Steampunk action and adventure in a -- well, not alternate world. You can recognize the influences -- large parts of it are nineteeth-century -- but it's parallel elements in an imaginary world, not strictly speaking a parallel world.
And a lovely imaginary world it is. A Parliamentary-ruled Jackals, where the equivalent of the English Civil War ended up much worse for the royalist side. They had a king, who is much worse off than a mere figurehead. Quartershift, where the French Revolution went on a little long. And you have the Circlist church and the Carlist rabble-rousers and the world-singers and the feymist touching the feybreed, of whom the lucky ones get to form the Special Guard. And the steam men, under the rule of King Steam, whose talk is one of the great charms of the book. . . . I love this world. Revealed in great and convincing detail in lovely language.
My only complaint was that one magical thing was not even hinted at where it came from. True there were shadowy origins for a number of things, but convincing ones, and this one could have had a little more. But that was only one detail.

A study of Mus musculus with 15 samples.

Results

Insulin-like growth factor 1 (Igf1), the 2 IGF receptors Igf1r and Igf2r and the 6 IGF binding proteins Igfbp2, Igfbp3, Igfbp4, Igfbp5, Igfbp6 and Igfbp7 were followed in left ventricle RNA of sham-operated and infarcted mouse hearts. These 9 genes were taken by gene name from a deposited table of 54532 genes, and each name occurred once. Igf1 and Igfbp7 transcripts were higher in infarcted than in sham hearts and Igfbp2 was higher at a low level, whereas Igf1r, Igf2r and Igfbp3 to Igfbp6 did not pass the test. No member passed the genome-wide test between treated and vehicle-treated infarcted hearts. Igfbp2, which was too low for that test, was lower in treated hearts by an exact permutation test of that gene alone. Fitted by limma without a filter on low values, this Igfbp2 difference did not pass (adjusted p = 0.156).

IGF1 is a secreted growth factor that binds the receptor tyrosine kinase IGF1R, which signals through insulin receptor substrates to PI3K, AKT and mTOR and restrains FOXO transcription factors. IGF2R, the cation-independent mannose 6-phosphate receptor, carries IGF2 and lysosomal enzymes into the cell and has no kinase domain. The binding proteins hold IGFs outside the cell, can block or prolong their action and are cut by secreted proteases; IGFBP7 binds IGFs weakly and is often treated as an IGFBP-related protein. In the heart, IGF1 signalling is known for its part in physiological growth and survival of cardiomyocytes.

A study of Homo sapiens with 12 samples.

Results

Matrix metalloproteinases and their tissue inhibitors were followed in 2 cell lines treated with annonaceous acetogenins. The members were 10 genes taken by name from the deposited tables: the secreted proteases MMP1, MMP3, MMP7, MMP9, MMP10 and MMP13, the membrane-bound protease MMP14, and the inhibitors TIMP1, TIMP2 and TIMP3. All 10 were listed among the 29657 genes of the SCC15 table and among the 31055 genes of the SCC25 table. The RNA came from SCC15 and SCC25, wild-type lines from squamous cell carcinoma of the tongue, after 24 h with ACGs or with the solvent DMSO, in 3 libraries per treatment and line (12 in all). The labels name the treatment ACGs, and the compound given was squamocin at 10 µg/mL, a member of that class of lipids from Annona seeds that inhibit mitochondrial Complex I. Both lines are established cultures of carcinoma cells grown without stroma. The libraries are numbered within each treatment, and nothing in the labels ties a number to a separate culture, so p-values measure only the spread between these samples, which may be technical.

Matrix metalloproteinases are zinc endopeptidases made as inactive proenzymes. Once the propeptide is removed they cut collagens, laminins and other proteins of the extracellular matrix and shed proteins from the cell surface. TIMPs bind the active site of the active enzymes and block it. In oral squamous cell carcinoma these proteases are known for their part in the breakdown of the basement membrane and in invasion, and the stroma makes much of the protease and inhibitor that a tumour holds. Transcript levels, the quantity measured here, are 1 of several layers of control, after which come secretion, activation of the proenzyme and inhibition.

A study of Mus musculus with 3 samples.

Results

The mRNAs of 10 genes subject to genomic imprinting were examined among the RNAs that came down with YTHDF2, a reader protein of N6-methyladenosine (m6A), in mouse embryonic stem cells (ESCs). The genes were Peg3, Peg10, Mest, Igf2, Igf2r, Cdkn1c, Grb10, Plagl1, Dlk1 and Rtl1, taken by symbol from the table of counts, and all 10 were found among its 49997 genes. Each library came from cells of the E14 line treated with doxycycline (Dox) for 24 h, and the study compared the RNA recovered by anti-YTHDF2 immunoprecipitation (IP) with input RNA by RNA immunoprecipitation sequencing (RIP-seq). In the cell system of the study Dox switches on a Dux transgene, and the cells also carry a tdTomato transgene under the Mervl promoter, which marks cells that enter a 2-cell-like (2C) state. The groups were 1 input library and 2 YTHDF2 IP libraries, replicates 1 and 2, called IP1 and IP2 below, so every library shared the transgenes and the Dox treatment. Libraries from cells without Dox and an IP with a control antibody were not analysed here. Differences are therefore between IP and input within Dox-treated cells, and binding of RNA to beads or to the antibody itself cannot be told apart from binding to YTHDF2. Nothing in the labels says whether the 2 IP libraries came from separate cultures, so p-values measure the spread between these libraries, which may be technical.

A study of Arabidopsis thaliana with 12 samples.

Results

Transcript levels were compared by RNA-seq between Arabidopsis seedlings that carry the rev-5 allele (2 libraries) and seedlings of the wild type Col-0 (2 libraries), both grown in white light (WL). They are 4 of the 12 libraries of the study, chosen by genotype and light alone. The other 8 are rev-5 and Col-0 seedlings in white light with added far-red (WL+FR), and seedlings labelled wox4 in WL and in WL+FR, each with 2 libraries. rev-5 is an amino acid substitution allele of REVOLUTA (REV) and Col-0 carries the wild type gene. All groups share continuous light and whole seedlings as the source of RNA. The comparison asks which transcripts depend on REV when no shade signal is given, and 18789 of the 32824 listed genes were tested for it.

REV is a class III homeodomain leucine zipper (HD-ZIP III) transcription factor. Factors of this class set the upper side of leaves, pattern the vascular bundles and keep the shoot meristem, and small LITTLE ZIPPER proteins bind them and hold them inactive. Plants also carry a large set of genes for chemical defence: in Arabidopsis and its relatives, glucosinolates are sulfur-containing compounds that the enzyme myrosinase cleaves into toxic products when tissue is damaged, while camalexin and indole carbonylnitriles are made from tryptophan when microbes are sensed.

And set loose in this world we have Molly, an orphan in a workhouse, and Oliver, an orphan boy touched by the feymist but manifesting no signs of it, leading to his being "registered" and forbidden to leave his uncle's house. Except that violence and murder precipitate them out into the world for a plot I don't even think I am going to try to explain even the beginning of. The stakes got a little high for my taste, but without the great danger of too high stakes, making the world look flimsy. And at one point I remember thinking that Molly seemed an especially special snowflake -- but All Was Explained, and not long after, either.